The Antisocial Network
Back when we were learning our trade as a reporter, in the late Seventies, conversation would sometimes turn to the concentration of media, and the power resulting from it. In retrospect, the landscape we observed was simple: Three broadcast networks, three national news magazines, one-newspaper cities, multi-city newspaper chains. Not only were their audiences concentrated, reaching those audiences otherwise required an enormous capital investment. Freedom of the press, the joke went, belongs to those to who own one.
The media were the gatekeepers of public information. “News” was what reporters and editors (and owners) decided it was. There were “alternatives” — alternate weeklies, alternative magazines — but their audiences were small, and thus their funding and resources were limited. Advertising, then and now, paid the bills, and the larger your audience, the more attractive you were to advertisers.
The power that arose was the power to control the public conversation, as well as the power to avoid accountability and the power to stifle competition. And despite the revolutionary changes in media and communications over the ensuing forty years, we’re finding ourselves back where we started.
Perhaps even worse.
The revolution is not complete. We still have broadcast networks, and now cable channels. We still have newspapers. But journalism, as known for 150 years, is a dying industry. Audiences are dwindling, advertising is drying up. The “mass” in mass media was an efficiency of scale, and the scale itself was a product of inadequate audience targeting. “We know that half our advertising is effective,” went another famous line. “We just don’t know which half.”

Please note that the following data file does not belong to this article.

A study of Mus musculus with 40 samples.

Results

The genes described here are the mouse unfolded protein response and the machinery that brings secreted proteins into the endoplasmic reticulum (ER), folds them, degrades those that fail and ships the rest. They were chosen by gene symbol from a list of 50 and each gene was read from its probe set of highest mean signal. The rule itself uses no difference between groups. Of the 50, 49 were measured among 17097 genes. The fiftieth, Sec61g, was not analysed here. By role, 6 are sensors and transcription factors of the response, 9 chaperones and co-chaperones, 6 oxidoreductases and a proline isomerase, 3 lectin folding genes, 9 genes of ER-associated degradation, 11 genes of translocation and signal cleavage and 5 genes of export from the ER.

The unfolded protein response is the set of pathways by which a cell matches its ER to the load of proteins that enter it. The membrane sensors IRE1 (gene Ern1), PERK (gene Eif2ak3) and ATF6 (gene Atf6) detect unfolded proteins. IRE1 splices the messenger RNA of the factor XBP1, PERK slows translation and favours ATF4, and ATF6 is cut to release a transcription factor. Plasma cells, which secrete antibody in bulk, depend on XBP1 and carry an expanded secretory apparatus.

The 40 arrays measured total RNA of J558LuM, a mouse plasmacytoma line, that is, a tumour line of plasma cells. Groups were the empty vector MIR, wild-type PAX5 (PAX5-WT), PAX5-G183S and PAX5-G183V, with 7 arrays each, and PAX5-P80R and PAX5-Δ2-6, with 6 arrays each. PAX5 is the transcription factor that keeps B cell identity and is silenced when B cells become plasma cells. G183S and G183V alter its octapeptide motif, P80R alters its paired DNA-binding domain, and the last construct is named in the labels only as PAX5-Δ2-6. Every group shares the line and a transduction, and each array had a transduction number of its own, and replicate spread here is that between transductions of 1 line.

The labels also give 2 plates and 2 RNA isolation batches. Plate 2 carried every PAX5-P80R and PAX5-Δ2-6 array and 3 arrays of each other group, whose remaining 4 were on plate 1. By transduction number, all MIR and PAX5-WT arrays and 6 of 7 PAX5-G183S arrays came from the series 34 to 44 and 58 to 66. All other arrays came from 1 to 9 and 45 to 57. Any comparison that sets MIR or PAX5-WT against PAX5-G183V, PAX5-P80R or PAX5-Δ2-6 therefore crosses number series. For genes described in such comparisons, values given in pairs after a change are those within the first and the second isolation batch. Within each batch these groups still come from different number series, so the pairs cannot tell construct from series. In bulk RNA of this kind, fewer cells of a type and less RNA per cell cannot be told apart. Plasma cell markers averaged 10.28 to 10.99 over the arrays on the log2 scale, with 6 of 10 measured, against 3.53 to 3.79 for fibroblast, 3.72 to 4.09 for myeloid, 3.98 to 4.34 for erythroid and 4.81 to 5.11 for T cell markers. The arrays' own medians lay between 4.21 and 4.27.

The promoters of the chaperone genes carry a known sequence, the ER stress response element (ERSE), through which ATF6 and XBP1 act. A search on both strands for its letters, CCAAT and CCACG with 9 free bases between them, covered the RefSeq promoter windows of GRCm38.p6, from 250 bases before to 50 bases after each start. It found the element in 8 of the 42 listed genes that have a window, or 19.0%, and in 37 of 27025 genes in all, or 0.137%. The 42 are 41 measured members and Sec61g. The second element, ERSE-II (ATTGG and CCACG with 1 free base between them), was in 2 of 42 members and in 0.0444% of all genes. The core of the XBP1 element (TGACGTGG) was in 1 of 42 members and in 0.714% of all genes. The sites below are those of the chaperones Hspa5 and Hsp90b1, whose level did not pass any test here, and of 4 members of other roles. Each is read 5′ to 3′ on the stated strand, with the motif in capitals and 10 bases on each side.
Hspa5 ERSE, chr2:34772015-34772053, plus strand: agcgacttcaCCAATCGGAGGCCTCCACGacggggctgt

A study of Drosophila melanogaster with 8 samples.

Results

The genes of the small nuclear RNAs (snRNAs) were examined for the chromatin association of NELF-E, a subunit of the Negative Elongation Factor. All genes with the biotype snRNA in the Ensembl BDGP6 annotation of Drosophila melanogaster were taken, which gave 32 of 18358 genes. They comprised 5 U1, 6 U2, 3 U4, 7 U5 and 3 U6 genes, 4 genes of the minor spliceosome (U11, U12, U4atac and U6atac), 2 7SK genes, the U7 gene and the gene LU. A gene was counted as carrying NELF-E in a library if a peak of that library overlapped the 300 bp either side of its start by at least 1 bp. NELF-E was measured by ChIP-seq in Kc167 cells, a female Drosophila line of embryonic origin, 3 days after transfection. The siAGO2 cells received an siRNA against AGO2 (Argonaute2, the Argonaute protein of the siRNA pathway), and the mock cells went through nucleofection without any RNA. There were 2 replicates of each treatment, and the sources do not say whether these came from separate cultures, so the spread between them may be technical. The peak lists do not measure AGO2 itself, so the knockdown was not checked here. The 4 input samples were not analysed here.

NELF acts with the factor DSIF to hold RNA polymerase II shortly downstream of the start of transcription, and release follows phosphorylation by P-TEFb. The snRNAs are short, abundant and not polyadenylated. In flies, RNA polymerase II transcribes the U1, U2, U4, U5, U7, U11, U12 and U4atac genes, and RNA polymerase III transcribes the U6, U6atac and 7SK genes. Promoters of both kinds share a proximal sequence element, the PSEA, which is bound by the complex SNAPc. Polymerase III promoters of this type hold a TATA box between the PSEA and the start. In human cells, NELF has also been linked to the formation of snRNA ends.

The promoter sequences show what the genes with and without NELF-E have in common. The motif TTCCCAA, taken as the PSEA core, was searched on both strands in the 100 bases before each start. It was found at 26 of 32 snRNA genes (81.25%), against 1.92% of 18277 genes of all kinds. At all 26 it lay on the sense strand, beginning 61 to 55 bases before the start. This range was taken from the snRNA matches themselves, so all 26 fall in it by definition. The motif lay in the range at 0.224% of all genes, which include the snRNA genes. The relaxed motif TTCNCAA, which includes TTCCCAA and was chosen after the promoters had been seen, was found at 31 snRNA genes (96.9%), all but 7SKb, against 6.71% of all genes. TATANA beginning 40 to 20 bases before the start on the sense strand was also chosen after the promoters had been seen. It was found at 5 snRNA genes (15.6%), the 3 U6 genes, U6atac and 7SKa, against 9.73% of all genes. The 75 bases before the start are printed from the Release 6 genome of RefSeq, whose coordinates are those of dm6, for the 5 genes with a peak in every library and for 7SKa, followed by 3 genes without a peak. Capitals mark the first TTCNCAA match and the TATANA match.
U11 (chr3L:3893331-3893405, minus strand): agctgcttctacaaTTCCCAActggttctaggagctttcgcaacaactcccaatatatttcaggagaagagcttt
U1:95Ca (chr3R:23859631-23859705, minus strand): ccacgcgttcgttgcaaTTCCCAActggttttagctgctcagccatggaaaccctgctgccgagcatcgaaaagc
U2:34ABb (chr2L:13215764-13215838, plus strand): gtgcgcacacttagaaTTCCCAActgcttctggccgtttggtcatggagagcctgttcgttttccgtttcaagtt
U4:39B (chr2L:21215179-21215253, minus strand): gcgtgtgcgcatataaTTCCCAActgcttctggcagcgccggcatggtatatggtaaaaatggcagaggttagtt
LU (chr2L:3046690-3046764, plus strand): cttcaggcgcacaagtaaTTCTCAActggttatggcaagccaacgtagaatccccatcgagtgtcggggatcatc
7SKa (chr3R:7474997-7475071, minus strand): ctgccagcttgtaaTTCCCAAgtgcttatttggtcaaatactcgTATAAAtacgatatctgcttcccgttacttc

Now they do.
Two businesses reap the bulk of advertising online, by virtue of their enormous audience size, and their ability to pinpoint specific members. An advertiser never buys all of the billions of visitors Google and Facebook enjoy monthly. But because Google and Facebook know far more about us than the NSA (or Equifax), an advertiser can efficiently reach exactly the audience desired. They are the new monopolies, and their power is growing.
Facebook is understandably the focus of attention right now, after finally admitting that a Russian troll farm purchased $100,000 in targeted advertising during the election. That’s a seemingly minuscule amount, especially compared to, say, a Super Bowl ad, but its effectiveness is highly magnified by reaching exactly the people the Russians wanted to reach — and flying under the radar for everyone else.
And this was while Facebook was happily distributing lies produced by other troll farms. Clickbait, briefly the provenance of websites mimicking tabloid newspapers, is now an effective propaganda tool deployed by hostile foreign governments once limited to shortwave radio broadcasts. All that matters to Facebook or Google is “user engagement”, grist for their algorithms that benefit their advertisers. They have industrialized email forwards from elderly relatives.
It took months for one of the two most sophisticated information-processing organizations in human existence to fess up to the Russian advertising, and there’s a reasonable suspicion that there’s much more to be known. But we are at Facebook’s mercy here: There is no obligation for them to divulge anything, no guarantee that what they choose to divulge is comprehensive. Their monopoly power includes the power to ignore claims on their corporate attention.
There is a growing awareness that while the Internet has enabled these new monopolies, there is no legal framework to address them. American antitrust law, itself a century old, was not devised for this circumstance. Facebook and Google are free to use; other social networks and search engines exist; small advertisers benefit as well as large.
And yet their monopoly of attention, and the “hands-off” results they provide, does have practical, serious consequences — enough to help undermine an American election. We don’t have a solution for the problems they pose, but with their great power, they need to start accepting their great responsibility.
That, after all, was one of the things we learned in journalism school: You can’t avoid being a gatekeeper, but at least you can try being honest about it.